Despite evidence that incarceration without robust reentry services leads to higher rates of recidivism, prisoner reentry statistics show the number of individuals in prison each year in the United States continues to rise — even as reentry services remain the same. To make a positive change in the justice system, and these individuals’ lives, we must rethink how we help people reenter society after incarceration.
Approximately 10 million justice-involved individuals will reenter communities from jail or prison each year. For many individuals, the transition can be stressful as they struggle with substance abuse, limited housing and employment options, and mental health issues upon their release from prison. To that end, it’s critical for nonprofits that specialize in prisoner reentry programs to do everything they can to help ensure a seamless – and successful – reentry process.
Here are 11 prisoner reentry statistics your nonprofit can use to better tailor its reentry services.
Incarceration and Recidivism
- Sometimes reentry fails. More than 66% of justice-involved individuals are rearrested within three years of their release – half return to prison. (Source)
- Reentry challenges, such as discrimination in access to housing, biases in fair employment, and disenfranchisement, make it especially difficult for justice-involved individuals to achieve stability and reenter their community successfully. This contributes to the cycle of recidivism, and 75% of individuals re-engage in criminal activity within five years of their release. (Source)
- Nearly 30% of people fail to complete their probation or parole supervision programs successfully. Almost 350,000 of these individuals return to jail or prison each year. (Source)
Incarceration and Employment
- Formerly incarcerated individuals experience unemployment at a rate of over 27% — a rate higher than the rate experienced during the Great Depression – and only 55% of individuals report having any income during the first year following their release. (Source) (Source)
- The median annual earnings for an employed justice-involved individual is $10,090 — nearly $2,500 less than the federal poverty level for an individual. (Source) (Source)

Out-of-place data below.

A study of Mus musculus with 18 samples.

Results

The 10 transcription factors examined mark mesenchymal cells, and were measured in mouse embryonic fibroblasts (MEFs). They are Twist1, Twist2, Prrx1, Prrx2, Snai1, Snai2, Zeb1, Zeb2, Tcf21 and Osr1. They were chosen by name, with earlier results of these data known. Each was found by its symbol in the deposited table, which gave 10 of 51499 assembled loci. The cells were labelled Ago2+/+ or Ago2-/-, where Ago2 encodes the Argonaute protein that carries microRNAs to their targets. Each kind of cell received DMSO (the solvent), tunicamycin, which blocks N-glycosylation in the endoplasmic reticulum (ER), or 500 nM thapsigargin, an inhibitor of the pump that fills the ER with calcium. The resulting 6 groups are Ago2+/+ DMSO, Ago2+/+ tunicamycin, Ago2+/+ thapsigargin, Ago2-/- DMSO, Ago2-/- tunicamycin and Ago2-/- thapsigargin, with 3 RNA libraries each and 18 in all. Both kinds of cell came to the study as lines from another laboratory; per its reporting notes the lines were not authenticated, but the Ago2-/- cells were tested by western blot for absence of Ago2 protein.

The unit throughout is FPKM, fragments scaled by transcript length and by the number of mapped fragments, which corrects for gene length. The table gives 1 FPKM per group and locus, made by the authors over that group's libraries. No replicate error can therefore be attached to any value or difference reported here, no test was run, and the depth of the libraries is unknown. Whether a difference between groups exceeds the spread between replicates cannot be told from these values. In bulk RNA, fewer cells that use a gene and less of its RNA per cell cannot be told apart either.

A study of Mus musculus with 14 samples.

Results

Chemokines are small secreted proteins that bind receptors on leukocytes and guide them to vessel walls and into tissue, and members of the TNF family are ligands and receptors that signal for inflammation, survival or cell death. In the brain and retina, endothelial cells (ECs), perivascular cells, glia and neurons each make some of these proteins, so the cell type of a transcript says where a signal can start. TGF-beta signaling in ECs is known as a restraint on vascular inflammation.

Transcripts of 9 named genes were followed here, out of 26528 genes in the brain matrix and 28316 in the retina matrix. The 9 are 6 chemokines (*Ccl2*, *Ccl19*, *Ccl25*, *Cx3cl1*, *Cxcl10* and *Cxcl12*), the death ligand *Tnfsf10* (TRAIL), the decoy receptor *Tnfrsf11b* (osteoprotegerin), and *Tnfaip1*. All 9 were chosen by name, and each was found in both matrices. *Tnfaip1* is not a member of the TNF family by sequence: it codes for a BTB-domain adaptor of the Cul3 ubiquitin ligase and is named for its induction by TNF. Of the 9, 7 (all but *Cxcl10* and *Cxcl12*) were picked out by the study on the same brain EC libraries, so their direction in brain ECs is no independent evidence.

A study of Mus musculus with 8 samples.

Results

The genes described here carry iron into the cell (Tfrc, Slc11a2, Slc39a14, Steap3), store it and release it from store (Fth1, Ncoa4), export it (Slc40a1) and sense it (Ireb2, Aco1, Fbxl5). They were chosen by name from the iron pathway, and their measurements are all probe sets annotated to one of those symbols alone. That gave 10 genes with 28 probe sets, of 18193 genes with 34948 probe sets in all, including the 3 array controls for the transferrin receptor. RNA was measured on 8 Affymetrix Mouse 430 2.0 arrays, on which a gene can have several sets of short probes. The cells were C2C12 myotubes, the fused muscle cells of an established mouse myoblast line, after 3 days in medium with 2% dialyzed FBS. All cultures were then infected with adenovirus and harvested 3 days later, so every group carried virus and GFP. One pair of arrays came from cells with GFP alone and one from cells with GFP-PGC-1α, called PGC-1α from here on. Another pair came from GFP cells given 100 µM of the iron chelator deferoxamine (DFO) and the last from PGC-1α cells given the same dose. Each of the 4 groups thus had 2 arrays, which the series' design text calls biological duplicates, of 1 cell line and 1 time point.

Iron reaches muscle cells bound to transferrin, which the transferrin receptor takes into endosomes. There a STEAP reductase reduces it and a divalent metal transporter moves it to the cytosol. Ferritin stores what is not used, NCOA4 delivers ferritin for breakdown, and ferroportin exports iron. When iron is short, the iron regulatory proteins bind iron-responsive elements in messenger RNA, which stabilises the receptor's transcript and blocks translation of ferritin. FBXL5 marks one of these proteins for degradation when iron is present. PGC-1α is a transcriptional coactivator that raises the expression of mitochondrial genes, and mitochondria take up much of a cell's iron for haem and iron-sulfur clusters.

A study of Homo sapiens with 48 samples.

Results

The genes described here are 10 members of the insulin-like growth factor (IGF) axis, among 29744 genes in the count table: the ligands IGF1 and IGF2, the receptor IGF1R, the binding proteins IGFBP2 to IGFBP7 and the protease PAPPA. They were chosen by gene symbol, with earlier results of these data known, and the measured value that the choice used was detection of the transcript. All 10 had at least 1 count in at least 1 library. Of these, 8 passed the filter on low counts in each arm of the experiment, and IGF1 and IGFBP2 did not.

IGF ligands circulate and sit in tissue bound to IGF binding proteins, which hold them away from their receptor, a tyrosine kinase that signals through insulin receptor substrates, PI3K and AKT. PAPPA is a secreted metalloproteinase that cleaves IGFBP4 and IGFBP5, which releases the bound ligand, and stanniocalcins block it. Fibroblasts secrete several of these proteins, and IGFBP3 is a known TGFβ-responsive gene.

Incarceration and the Family
- In the United States, roughly 7 million children – have at least one parent who is incarcerated. This equates to approximately 1 in every 28 children. (Source)
- Among incarcerated parents, 99% are fathers. Research shows that having one incarcerated parent has far-reaching negative implications on a child’s well-being. Research shows that children with incarcerated parents may be three times as likely to engage in criminal activity than children whose parents are not in jail. (Source) (Source)
Incarceration and Mental Health
- In 2017, the U.S. federal prison system oversaw 187,910 inmates – 7,831 of which had a serious mental illness. These individuals are nearly 10 times more likely to return to jail or prison than those with no serious mental illness. (Source) (Source)
- Justice-involved individuals with mental illness also face higher than average rates of housing insecurity – 20% experience homelessness in the months both preceding and following their incarceration – increasing their risk of criminal activity and subsequent recidivism. (Source)
Incarceration and Women
- About 25% of women released from prison are arrested for a new crime within six months. Over 30% are arrested within a year, and over 68% are arrested within five years of release. (Source)
- Economic and material deprivation often increase the risk of an individual re-offending. In one study that explored factors contributing to recidivism, over 57% of respondents were unemployed before their incarceration, and nearly 60% reported economic problems played a role in their reoffending. (Source)
Reducing recidivism isn’t just the responsibility of the government, nonprofits, or the people incarcerated. It’s a community effort. Whether this is in the form of employment, safe housing, or offering wraparound reentry services, every little bit helps to lower the recidivism rate.
A Greater Need for Reentry Services
For nonprofits, these insights provide a window into the complexity of recidivism – and the importance of prisoner reentry programs. Tailoring your services will help reduce your participants’ likelihood of recidivism. Most importantly, it helps to ensure each person has the best chance at a successful transition back into the community.